Can Retail Be Reinvented?
The recession is bad news for retail developers, and a recent gathering of them was rife with concern about the field and its future. But amid the uncertainty is an air of hope -- and an understanding that to survive, the face of retail development must adapt.
"Retail real estate has probably lost 25-30% of its value, and 15% of the retail base is in jeopardy of closing," says Lee H. Wagman, CEO of The Martin Group. His dire prediction kicked off the Urban Land Institute's February conference on "Reinventing Retail and Mixed-Use: Surviving, Thriving, and Positioning for the Future."
The economy was on everyone's mind as the mood ranged from bleak to bleaker. Introducing his panel, Wagman said, "We're all 'developers', and I use the quotation marks deliberately, because I suspect none of us are actually developing this year." Indeed, every member of the high-level group confirmed that they wouldn't be breaking any ground in 2009. And as The New York Times reportedduring the 2nd day of the event, sales for the entire retail industry fell nearly 1.8% percent last month alone.
Everyone agreed that the economy is wreaking havoc on retail - on retailers who can't get loans, and on consumers, who have less to spend. But the financial crisis is just one problem among many that have been plaguing retail development. The traditional anchors of shopping centers and malls -- the Macy's, Mervyn's, and Marshall Fields -- have declined in popularity or gone bust. The malls built between the 1960s and the 80s are crumbling and unpopular. Internet sales are taking a sizable bite out of the market that once belonged exclusively to bricks-and-mortar. Today's retail developers have had their eye on smart growth and infill development for some time now as they look for new ways to attract customers.
Placemaking is a key consideration for this crowd. Ken Wong, Vice Chairman at The Related Companies, explained, "We need to get back to basics, real markets and real people, create a sense of place, a sense of belonging." Developers, architects and designers are working to integrate shopping into communities by taking big lots from former malls and replacing them with smaller shops on a street grid.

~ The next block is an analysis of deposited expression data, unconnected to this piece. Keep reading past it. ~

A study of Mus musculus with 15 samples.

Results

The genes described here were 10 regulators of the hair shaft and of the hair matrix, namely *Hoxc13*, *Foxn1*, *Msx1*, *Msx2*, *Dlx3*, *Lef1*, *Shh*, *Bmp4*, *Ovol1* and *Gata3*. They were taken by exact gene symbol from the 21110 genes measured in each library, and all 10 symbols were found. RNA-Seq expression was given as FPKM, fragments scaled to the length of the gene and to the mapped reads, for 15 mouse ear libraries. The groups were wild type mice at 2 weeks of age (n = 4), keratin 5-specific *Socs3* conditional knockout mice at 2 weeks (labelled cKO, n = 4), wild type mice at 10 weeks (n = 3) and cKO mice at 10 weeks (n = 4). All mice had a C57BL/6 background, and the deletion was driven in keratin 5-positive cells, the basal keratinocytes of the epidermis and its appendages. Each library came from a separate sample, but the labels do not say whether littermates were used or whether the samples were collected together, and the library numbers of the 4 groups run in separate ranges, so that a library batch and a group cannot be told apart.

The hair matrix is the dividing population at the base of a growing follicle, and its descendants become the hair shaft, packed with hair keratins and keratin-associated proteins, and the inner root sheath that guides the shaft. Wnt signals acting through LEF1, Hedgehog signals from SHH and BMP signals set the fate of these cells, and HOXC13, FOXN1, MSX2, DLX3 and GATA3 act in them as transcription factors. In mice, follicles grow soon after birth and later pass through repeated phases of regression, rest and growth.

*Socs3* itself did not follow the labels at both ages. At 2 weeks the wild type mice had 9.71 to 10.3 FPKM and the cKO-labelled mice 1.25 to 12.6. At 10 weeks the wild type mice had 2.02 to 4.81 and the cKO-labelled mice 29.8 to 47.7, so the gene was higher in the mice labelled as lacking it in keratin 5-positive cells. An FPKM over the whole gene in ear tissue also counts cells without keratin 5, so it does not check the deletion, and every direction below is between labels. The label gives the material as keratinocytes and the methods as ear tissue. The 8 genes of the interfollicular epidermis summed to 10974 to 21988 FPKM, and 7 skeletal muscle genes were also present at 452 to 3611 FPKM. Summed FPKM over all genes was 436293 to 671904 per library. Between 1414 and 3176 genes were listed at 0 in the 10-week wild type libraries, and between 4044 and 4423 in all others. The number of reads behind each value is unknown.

Entertainment is another driving force. Today, state-of-the-art cinemas and high-end restaurants are picking up the slack where department stores have failed. One site in Dubai combines a mall and an indoor ski slope -- illustrative of a future where shopping and entertainment are one, according to Chris Letourneur of MXD Development Strategists.
Others believe social media like Twitter and Facebook are creating a new expectation of interactivity from retail. Henry Beers of Communication Arts is working with IBM on a new shopping concept they're calling "Arendi", which promises to involve the physical shopper in an information-rich retail space not unlike surfing the web. "Shopping is social networking," according to Beers.
And finally, developers report that they are looking to fill the gaps in traditional downtown districts. "The suburbanization of America is over," said Morgan Dene Oliver, CEO of OliverMcMillan. "Infill development is going to be an important evolution as our economy changes. And it's going to be good business. When the spigot turns back on, it's going to be funding infill projects."
Mixed-use is a popular watchword for this crowd, but residential is still seen as a sticky wicket. When Costco wants to unload their trucks at 4am, how do you keep the residents living upstairs from complaining about the beep-beep-beep as the trucks back up?
In the end, more than one developer emphasized that they are at the mercy of their tenants. "The retailer is your customer- don't try to force them to do things they wouldn't do," said Randy Brandt of Macerich Properties. "The best retailers are often the most difficult to deal with." Among all of the smart ideas for the future presented here, this may be the most difficult truth of all.
Tim Halbur is managing editor of Planetizen.